The STEM Women Lead Speaker Series seeks to inform, encourage, and empower young Africans, and particularly women, to take up STEM related programmes to address the egregious gender imbalance.
Carnegie Mellon University Africa (CMU-Africa), the World Bank Group and the African Development Bank has launched the STEM Women Lead Speaker Series which aims to inspire girls to take up STEM subjects. This initiative is supported by key stakeholders who include representatives from the Ministry of Education, members of the diplomatic corps, institutions of higher learning, high school administration and students, and UNICEF.
According to UNESCO, only eight percent of women enrol in engineering, construction, manufacturing, and even fewer, in ICT (three percent). This disparity in educational attainment leads to the underrepresentation of women globally in technology roles at all levels.
Furthermore, the imbalance means that the industry is significantly underutilising a key segment of the potential workforce and is detrimental to achieving the continent’s growth and development.
Studies have shown that girls are most likely to feel empowered to pursue careers in STEM- related fields when they know or identify with a woman in a STEM area of expertise. The audience for this series includes female undergraduate students from the University of Rwanda and its Centres of Excellence and the African Leadership University (ALU); and female students from FAWE Girls School, Maranyundo Girls School, G.S. Kicukiro, Kagarama Secondary School, Lycee de Kigali, G.S. Kimironko 1, Gashora Girls Academy of Science and Technology, and Agahozo Shalom Youth Village.
“At CMU-Africa, we believe that it is a moral imperative to address the current under-representation of women in STEM and have designed intentional impact strategies that will attract and retain female students,” said Gbemi Disu, Executive Director, CMU-Africa.
“The STEM Women Lead series, which we have launched today is a prelude to International Women’s Day, is part of this plan, and we are honoured to have great partners such as the World Bank and African Development Bank that are aligned and committed to the shared vision of advancing women in STEM.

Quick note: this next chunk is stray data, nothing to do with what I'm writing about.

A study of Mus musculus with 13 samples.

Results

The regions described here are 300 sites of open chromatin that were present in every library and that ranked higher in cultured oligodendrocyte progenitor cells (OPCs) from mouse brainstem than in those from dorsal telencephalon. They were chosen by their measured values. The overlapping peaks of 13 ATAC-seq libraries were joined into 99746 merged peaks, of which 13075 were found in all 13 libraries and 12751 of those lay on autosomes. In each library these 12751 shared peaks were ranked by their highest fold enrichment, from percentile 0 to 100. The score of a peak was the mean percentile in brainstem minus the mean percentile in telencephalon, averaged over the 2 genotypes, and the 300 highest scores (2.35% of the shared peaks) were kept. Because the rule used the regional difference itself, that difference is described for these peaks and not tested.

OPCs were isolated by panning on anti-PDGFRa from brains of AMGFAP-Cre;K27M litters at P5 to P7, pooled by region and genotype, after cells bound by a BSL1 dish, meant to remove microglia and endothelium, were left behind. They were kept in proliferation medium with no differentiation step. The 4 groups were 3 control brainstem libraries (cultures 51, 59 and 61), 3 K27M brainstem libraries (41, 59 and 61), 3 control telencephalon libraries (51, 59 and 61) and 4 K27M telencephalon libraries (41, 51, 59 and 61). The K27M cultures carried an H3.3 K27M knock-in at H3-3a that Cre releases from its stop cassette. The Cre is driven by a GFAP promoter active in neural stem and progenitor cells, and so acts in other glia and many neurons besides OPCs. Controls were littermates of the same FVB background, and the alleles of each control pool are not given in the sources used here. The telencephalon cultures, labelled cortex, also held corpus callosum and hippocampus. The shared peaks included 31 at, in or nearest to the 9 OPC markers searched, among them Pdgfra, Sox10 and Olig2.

“Inclusive economic growth and improvements in living standards rely heavily on innovation and technology. This can only happen for Africa with a huge investment in science, technology, engineering, and mathematics (STEM) education.”
Rolande Pryce, the World Bank Group Country Manager, Rwanda said: “Where those investments are being made, we see a gross under-representation of girls in education and women in STEM careers. We at World Bank seek to catalyse change by celebrating African STEM women role models.”
Addressing the barriers girls are faced with is complex and multifaceted, but highly necessary. It is therefore imperative to educate teachers and administrators to eliminate any unintentional speak of unconscious biases and discouragement. It is also important to include male champions to challenge existing social norms and attitudes and encourage all children, regardless of their gender, to pursue an interest in STEM related subjects.
“Through its numerous interventions, the African Development Bank underscores the need for STEM to be inclusive. The STEM Women Lead series which we are a part of, is therefore a strategic initiative that will augment mentorship, peer learning and place women as well as girls at the centre of STEM Programmes,” said Aissa Toure’, Rwanda Country Manager, African Development Bank.
The STEM Women Lead Series has three objectives; the first is to provide role models by showcasing and highlighting the importance of the role of women in STEM fields and the positive impact on society, the second is to inspire young women to pursue STEM education by dispelling stereotypes and social norms that discourage girls’ interest in STEM, and the third is to demonstrate exciting career paths within the future of work, thereby encouraging women enrol in STEM programs.